It’s not exactly a Terminator-style Judgement Day, but robots are indeed taking over Queensland University of Technology this weekend.
The Robotronica festival will roll into the Brisbane university on Sunday, showcasing dozens of electronic tools, toys and tricks from engineers, inventors and roboticists (yep, roboticist is a real word).
“Robot” is given a broad definition by organisers. There’s the standard, vaguely human-shaped electronic models in a variety of sizes; there are flying drones, and a world champion drone racer; a fleet of autonomous boats that have filled the university’s swimming pool; performance artist Stelarc, who is growing an internet-equipped ear on his arm; and self-professed “cyborg” Neil Harbisson, who has an antenna attached to his brain to enable him to “hear” colour.
“It’s a showcase of the latest in robotics, both here in Australia and internationally -- a public engagement event to give the broader general public an idea of what’s happening in this rapidly developing field,” said creative director Jonathan Parsons.
“We’re on the cusp of a second revolution in robotics. The first revolution impacted industry and manufacturing, but now we’re seeing robotics impacting almost every aspect of our life.”
Parsons said the robots on show cover the full gamut from entertainment to medical, environmental to scientific.
A robot that acts as a human simulator for medical students -- “it bleeds, it breathes” -- will feature, as well as robots that can play marimbas as part of a human band.
Visitors can have a turn piloting an underwater robot that can be used for seabed clean-up, and experience Radius, a “robot storyteller built to educate and engage children”.
“Not surprisingly, people have a perception of robotics from popular culture like Star Wars and science fiction," Parsons said.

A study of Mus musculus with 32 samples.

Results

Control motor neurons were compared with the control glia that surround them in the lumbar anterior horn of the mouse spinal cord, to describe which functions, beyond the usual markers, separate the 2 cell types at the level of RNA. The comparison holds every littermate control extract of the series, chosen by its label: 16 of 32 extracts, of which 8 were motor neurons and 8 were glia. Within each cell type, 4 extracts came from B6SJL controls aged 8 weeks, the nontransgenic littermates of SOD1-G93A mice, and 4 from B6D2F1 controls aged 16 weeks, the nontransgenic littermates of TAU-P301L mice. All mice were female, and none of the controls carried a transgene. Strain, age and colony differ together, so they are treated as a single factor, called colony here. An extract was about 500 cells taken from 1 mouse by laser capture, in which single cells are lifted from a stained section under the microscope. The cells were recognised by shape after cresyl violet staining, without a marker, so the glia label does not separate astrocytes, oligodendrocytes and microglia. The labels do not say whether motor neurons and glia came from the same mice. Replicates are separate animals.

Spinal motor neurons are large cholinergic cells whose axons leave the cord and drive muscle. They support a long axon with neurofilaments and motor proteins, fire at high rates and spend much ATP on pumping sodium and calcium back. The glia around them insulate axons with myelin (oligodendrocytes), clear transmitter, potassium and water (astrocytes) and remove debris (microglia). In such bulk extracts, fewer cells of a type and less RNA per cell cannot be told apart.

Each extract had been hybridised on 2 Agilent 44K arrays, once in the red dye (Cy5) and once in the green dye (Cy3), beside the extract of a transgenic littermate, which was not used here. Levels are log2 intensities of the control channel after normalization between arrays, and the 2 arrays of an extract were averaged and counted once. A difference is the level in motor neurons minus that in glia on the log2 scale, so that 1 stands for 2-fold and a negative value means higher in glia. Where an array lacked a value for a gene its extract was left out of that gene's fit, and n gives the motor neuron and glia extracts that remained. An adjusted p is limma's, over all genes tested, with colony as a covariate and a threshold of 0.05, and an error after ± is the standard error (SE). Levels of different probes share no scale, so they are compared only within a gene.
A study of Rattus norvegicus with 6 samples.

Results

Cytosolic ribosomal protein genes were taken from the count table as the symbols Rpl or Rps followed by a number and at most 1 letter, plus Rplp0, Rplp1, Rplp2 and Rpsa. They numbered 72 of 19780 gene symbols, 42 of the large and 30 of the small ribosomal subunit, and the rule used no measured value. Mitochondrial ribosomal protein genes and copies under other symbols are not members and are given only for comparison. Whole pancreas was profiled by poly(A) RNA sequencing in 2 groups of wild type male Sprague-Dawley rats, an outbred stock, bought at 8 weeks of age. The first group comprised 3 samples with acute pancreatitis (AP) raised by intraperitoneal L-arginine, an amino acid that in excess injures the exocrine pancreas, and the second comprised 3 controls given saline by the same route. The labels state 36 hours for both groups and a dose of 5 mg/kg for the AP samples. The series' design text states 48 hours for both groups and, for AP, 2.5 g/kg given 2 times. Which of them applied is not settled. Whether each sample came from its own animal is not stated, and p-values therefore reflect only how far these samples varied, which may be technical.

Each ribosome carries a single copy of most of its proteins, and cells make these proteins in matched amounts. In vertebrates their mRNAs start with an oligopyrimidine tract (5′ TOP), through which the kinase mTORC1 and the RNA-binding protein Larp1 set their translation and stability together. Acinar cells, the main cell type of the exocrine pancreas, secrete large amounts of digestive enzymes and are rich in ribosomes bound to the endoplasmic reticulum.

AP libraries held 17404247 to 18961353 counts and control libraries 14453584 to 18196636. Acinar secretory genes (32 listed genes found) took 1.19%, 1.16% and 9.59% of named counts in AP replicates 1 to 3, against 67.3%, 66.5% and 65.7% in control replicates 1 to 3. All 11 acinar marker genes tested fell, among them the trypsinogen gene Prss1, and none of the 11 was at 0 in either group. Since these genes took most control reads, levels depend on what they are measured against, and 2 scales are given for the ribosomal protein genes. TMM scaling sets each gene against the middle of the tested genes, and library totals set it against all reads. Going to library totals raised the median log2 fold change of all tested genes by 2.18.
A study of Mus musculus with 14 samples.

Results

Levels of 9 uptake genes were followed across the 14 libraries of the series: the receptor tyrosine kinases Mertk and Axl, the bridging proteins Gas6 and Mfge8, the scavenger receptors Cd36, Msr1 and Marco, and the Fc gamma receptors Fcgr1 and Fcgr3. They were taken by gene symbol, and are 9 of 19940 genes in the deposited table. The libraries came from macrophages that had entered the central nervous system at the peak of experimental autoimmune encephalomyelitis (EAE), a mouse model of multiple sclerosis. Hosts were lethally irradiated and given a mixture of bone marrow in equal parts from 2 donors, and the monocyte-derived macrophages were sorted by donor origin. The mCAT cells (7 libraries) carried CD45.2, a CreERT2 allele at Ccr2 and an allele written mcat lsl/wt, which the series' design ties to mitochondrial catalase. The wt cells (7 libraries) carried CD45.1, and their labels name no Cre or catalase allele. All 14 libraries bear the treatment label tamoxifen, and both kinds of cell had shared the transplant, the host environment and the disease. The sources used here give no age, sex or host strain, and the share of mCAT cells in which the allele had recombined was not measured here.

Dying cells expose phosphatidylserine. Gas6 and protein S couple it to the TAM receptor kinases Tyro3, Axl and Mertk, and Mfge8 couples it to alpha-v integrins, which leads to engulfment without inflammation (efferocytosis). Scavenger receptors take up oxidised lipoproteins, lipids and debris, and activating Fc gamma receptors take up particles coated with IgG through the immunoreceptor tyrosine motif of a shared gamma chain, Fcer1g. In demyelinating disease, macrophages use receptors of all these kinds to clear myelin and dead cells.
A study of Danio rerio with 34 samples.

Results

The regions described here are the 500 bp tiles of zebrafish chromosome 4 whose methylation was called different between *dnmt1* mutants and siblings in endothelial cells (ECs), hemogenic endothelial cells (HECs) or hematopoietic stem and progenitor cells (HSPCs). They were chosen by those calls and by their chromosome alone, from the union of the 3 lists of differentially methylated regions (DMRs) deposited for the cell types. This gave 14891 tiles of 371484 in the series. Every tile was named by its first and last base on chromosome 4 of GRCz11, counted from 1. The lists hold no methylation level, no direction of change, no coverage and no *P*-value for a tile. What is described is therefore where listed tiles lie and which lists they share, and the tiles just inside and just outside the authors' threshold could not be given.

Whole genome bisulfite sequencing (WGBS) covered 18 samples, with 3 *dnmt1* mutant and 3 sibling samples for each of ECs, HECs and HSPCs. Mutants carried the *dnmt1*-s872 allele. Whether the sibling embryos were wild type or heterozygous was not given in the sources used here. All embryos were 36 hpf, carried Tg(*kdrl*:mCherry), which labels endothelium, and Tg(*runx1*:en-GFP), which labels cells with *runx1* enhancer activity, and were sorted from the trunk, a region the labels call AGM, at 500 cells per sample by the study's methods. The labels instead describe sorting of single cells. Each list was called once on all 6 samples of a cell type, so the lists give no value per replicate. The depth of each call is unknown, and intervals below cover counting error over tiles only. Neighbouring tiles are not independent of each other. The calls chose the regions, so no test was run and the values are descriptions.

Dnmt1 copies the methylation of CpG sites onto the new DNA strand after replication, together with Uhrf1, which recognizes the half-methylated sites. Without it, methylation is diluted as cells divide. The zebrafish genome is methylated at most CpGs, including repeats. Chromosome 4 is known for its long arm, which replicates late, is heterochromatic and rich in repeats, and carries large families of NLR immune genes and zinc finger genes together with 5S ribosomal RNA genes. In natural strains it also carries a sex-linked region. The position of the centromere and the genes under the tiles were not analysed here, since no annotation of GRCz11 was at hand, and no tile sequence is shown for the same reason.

"We’re not quite at the Star Wars point yet, but its interesting that these writers and film-makers almost create this imaginary space that scientists follow,” Parsons said.
For a robotics exhibition, it is notable that some of the most interesting attractions are the humans. Harbisson is “the world's first government-recognised cyborg,” with a computer system allowing the colour-blind artist to see colours.
“Recent upgrades have included an internet connection allowing him to receive music and phone calls directly to his skull,” read a QUT release.
Besides Stelarc, with his internet-equipped ear, another human model on show is Jason Barnes. With a prosthetic arm, he claims to be the fastest drummer in the world.
Parsons said the exhibition meant to serve a dual purpose -- to show the latest advancements in technology, but also to reassure visitors about what the future holds.
“There’s quite a lot of fear about these changes in society. There’s quite a number of reports on predictions in next 10 or 15 years, of what jobs will disappear because of robots," he said.
"It’s important to become knowledgeable about what the impacts are, and the skills young people will need to develop so they can participate in this society,” he said.
“Coding should be the second language of this new generation. It's about demystifying what’s happening in this space.”